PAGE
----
I joined the Executive team in Glitnir in February 2006. The bank had an event in Luxembourg called “Meet the CEOs” and one of the keynote speaker was Garry Kasparov. The title of his talk was about Strategy, being a Grand Master of Chess, Garry probably knows a thing or two about Strategy. What I distinctly remember from the talk was that he emphasized on the fact that Strategy is always about Action. A deliberate, calculated and result driven action. As an Entrepreneur or a Startup, we are always faced with numerous paths based on a deliberate product, marketing, sales or funding strategy. I talk to a number of startup founders and entrepreneurs, the striking similarities between all those conversation when it comes to Strategy is that they always have too many strategic priorities and try to do too many things at the same time. This IMHO is a failing strategy. At the very early stage of the product/service development it might work because you are prototyping and you have not figured out the product to market fit, so it is fine to throw a number of ideas into the market and see what sticks. Again, the Strategy is deliberate, you are trying many things because of a hypothesis that one of those ideas will gain traction. It takes a lot of work to focus on a single strategy and execute around that. If entrepreneurs can get this one thing right the odds of failure can be reduced considerably.
Being an entrepreneur or a startup founder is f#$king difficult, and getting disciplined to focus on 1 to 3 strategic priorities is even harder. Even Elon Musk the quintessential serial entrepreneur has been focusing only on the Electric Car and leaves all his other ideas and companies to be executed by others.
Do yourself a favor, ask yourself what is your Product to Market fit strategy if you are in the early stage, if you don’t have one, get back to the drawing board and get that straight without that your startup will fail or run out of money or both. After you have crossed the chasm of Product to Market fit, you need to go back to the drawing board and determine your business scaling strategy. Yes, building a company is hard and takes a lot of work but there is nothing more insane than trying to do the same thing over and over again and expecting a different result. You need different strategies for different stages of the company.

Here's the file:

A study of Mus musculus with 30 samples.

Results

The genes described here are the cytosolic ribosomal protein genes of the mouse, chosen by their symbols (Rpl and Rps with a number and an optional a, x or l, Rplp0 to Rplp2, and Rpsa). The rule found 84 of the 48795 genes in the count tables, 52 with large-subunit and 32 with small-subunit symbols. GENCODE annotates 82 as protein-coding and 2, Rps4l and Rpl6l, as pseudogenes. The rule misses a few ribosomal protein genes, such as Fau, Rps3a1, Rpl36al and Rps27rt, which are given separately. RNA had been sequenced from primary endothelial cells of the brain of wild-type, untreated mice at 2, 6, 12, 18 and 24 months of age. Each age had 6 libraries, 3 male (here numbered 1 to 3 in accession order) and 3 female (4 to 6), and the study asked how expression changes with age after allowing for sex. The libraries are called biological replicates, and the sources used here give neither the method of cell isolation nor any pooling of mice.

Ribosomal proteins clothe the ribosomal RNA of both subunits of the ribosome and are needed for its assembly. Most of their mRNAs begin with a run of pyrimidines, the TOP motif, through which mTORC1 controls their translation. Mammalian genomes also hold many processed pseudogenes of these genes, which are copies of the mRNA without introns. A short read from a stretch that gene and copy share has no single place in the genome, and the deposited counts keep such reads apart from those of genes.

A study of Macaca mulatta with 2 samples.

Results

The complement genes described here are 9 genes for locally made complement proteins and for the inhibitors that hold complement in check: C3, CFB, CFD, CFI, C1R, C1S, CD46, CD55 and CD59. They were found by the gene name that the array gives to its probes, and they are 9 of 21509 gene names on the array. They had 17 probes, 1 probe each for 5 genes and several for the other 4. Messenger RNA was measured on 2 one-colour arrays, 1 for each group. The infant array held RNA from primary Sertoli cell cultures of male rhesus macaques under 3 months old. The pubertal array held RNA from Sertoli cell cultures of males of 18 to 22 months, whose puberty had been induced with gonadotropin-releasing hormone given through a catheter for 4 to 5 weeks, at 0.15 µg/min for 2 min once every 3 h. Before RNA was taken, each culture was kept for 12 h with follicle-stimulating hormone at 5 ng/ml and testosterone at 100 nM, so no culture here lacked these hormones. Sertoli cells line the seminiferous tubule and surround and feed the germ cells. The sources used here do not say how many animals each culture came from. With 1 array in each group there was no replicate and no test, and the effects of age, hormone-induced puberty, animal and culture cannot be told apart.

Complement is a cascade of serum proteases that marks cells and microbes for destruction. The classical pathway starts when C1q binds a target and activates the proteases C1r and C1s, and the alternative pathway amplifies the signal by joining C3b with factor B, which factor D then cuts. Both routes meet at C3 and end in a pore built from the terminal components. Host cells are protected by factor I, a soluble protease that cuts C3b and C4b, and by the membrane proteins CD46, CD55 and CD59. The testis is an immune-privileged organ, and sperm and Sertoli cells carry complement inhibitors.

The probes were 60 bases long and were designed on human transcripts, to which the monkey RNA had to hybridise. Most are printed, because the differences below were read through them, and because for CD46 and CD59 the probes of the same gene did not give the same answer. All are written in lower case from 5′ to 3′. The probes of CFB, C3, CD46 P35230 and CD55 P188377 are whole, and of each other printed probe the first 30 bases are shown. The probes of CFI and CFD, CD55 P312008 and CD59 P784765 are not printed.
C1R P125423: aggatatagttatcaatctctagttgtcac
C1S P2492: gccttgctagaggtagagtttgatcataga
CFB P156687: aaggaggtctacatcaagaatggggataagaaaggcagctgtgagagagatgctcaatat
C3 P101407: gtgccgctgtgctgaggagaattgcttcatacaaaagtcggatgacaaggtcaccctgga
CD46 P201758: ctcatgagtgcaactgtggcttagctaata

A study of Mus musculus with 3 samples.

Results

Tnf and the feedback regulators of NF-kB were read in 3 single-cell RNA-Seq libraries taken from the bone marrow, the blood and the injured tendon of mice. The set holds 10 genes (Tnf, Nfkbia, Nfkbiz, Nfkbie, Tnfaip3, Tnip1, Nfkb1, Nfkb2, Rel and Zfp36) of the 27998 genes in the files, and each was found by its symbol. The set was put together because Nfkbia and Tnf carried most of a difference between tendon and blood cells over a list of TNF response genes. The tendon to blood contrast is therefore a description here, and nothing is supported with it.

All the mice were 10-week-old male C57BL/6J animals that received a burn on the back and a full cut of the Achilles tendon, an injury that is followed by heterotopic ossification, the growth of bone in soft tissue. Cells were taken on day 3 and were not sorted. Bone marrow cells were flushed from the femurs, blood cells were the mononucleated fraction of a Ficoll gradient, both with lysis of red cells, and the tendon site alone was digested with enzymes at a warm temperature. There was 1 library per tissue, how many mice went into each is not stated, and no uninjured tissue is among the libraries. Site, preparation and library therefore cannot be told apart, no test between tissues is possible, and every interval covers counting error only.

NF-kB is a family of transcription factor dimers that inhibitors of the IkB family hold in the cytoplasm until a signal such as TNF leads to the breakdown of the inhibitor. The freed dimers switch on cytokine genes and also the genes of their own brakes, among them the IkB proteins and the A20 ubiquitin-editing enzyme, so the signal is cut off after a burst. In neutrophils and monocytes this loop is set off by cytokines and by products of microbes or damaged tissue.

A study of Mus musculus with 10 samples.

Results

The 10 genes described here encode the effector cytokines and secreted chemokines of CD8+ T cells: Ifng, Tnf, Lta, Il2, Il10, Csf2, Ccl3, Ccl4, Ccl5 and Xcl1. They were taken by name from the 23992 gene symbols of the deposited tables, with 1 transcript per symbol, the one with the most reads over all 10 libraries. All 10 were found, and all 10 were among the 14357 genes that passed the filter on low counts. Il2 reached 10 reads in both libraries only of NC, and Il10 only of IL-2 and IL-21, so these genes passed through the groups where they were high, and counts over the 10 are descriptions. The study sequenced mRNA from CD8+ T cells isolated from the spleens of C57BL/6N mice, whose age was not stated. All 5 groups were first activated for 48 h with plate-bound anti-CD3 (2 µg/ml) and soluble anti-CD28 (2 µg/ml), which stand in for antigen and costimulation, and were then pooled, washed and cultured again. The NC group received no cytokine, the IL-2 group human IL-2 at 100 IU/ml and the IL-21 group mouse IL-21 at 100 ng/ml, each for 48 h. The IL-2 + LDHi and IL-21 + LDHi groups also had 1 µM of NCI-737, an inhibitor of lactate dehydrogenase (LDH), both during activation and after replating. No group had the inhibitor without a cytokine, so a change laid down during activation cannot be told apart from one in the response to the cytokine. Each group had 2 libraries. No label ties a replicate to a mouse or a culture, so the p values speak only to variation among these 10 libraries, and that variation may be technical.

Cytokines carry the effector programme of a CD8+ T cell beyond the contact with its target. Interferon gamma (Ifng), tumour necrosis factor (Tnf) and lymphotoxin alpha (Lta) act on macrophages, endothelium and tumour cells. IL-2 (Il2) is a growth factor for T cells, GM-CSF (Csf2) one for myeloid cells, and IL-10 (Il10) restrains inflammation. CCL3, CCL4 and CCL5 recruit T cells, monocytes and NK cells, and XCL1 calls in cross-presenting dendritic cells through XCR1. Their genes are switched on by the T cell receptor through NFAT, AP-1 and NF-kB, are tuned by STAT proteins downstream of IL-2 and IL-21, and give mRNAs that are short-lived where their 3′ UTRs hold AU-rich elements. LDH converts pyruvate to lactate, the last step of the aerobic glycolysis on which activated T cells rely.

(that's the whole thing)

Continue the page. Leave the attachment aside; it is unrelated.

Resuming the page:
The founder/CEO of the company is responsible for the Strategy, the success of the company depends on the CEO who can morph into different modes depending on the stage of the company. Ben Horowitz, has a very interesting post about “Why Founders Fail: The Product CEO Paradox“. There are gems of advice for Product centric founders. Once you have a strategy then the mode you need to get into is action, tactics and expected results. Another one of the best of Ben Horowitz post is “The Struggle“, I wrote about it… one of the best paragraphs in that post goes like this:
This is not checkers; this is mutherfuckin’ chess – Technology businesses tend to be extremely complex. The underlying technology moves, the competition moves, the market moves, the people move. As a result, like playing three-dimensional chess on Star Trek, there is always a move. You think you have no moves? How about taking your company public with $2M in trailing revenue and 340 employees, with a plan to do $75M in revenue the next year? I made that move. I made it in 2001, widely regarded as the worst time ever for a technology company to go public. I made it with six weeks of cash left. There is always a move.
You always have a move without strategy you will not know which one to take.